There has been a lot of debate about the current U.S. unwillingness to lead the liberal international order it created after World War II. The Obama administration already displayed signs of war weariness, which often translated into no action in conflicts like Syria. On issues that he cared about the most, the Iran nuclear issue and climate change, President Obama worked hard to build international consensus through multilateral institutions in the international system. However, the U.S. was already hesitant to provide leadership on a whole host of issues, particularly in matters of war and peace.
Having run on the theme of “America First,” the Trump administration has transformed this hesitation to what many would call hostility against internationalism and the global institutions themselves. From NATO to NAFTA, military and economic multilateral institutions and agreements have been targeted by President Trump. Traditional allies have been threatened with tariffs and economic pressure unless they agree to deals that would no longer “take advantage” of the U.S. It would be misleading to label this attitude isolationism per se. The Trump administration has been insisting that these international institutions and agreements be made to serve U.S. interests even if it is at the expense of international liberal order.
Just as we saw in the case of the Obama administration’s reluctance to lead, we are now witnessing the Trump administration’s resentment against the international system and that the U.S. is reconsidering its global role. Clearly, both administrations provided no comprehensive answers to the leadership question and both of their approaches have been subject to heavy contestation from both the left and the right domestically. Furthermore, more often than not, the Trump administration’s admonishment of the international system has subsided with rather superficial adjustments (NATO members’ promise to increase their national defense budget to 2%) or renegotiated trade deals (U.S.-Mexico-Canada Trade Agreement instead of NAFTA). The lesson here is that neither the Obama nor Trump administration has addressed the global leadership question in a comprehensive manner.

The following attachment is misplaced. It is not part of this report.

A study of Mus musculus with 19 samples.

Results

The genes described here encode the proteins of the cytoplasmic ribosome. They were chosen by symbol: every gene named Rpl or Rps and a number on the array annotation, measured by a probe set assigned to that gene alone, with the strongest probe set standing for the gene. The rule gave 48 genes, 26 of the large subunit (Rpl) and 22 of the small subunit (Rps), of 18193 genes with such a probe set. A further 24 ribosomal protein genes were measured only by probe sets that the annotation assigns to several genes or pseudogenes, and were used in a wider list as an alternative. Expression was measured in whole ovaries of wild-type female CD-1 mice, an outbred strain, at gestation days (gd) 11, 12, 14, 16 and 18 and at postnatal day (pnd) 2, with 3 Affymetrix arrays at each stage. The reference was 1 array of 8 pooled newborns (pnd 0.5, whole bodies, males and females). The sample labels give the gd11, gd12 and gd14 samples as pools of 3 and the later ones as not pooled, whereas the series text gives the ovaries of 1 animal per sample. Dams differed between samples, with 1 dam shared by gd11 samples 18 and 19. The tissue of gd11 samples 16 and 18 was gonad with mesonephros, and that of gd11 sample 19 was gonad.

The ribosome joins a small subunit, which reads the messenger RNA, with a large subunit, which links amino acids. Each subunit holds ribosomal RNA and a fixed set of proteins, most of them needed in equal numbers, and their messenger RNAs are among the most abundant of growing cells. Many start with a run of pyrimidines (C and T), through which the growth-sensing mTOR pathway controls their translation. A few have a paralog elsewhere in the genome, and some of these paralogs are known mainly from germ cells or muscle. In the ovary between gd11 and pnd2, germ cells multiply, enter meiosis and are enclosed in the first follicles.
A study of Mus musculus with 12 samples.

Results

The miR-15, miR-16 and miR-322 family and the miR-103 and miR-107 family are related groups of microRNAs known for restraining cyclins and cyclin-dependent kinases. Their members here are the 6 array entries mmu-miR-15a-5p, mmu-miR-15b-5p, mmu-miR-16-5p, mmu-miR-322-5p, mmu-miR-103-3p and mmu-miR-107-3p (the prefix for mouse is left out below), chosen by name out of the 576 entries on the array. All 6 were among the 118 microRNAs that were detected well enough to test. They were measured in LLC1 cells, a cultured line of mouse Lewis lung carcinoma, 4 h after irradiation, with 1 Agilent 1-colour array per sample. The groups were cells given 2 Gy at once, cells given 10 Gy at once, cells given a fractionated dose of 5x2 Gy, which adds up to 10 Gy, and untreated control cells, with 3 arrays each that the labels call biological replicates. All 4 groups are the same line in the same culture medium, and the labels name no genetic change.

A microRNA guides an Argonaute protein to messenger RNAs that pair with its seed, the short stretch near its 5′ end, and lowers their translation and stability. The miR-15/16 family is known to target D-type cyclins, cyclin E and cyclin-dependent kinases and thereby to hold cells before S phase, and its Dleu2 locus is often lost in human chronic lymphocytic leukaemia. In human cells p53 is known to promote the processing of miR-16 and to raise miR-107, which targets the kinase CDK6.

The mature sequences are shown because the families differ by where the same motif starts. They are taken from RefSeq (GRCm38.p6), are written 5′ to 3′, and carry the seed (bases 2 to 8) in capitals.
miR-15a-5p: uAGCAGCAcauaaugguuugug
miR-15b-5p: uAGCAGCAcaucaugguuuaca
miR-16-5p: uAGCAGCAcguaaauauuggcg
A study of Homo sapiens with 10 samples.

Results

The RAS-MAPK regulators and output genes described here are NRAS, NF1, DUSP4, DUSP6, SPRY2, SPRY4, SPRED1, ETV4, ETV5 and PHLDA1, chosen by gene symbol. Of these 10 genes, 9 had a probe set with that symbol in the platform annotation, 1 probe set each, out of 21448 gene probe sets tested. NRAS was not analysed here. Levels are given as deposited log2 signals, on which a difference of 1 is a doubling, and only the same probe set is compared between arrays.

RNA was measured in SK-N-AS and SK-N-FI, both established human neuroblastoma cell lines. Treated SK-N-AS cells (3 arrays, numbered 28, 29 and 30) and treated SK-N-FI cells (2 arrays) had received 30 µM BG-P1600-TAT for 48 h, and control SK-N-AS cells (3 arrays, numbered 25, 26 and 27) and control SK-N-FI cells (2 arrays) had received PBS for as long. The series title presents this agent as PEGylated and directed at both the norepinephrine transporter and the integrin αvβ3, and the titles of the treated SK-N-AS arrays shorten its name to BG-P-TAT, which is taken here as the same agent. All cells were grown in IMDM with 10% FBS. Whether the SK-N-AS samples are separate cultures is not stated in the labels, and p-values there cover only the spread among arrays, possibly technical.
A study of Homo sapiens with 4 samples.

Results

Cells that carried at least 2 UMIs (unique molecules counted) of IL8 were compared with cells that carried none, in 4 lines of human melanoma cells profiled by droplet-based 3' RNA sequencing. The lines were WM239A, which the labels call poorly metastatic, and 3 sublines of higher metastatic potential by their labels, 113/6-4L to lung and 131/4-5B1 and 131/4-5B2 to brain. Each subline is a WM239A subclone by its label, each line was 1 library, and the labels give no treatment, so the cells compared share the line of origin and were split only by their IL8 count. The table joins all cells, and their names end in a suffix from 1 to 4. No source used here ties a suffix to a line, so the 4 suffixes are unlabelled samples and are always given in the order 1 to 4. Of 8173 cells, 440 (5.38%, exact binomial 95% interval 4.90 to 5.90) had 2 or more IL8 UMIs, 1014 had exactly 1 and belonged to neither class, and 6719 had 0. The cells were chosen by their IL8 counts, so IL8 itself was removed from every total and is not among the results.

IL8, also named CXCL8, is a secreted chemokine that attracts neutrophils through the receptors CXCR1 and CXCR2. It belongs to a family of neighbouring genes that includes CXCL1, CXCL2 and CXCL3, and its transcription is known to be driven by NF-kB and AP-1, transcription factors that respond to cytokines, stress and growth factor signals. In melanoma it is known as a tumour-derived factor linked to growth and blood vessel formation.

The message to the world has been that the U.S. has been rethinking its global role in a rather confused and haphazard manner. At times, the somewhat ideological assertion of national sovereignty seems to take priority whereas, at other times, satisfying some domestic constituency seems to suffice. The response of both the allies (the EU and others) as well as potential rivals (China) have been an interesting one. Nobody seems willing to sit and wait for the U.S. to “come to its senses.”
Allies are thinking of ways to live without the U.S. leadership, recognizing that they may even have to confront the U.S. along the way. The rebuff President Trump received from the UN Security Council a special session on Iran, which was instructive in this sense. Potential competitors like China, on the other hand, are working hard to minimize the economic impact of the impending trade wars by strengthening their regional relationships. In many ways, the world is not waiting for the U.S.
Turkey, as a traditional ally, has had to adjust to the regional realities with minimal or no serious U.S. leadership on a variety of issues including the Syrian crisis. In order to protect its national security and economic interests in the region by minimizing the detrimental impact of the Syrian conflict, Turkey has worked with Russia and Iran on the diplomatic and strategic fronts, the EU on the humanitarian front, and the U.S. on the political front.
The days of alignment with a clearly identified bloc of nations are long gone. Creating a strategy based on the realities on the ground and one that accommodates some of the priorities of the regional powers has become a routine part of policymaking. The most recent rapprochement with Germany can be given as an example of an effort to “bring Europe in” in the absence of robust U.S. leadership.
In the years ahead, if it decides to return, U.S. global leadership will find itself in an environment that has fundamentally changed. The emergence of regional cooperation mechanisms and mini-alliances based on a variety of issues will create realities that will not be easy to replace.
Providing a global framework for action will be ever more difficult since many countries, both allies and rivals, will have pivoted away on a whole host of strategic and economic issues. The U.S. will continue to enjoy great capacity to shape world events, alliances and institutions for the foreseeable future but it will find it increasingly challenging to lead given the legacy of these intervening years with minimal serious U.S. role.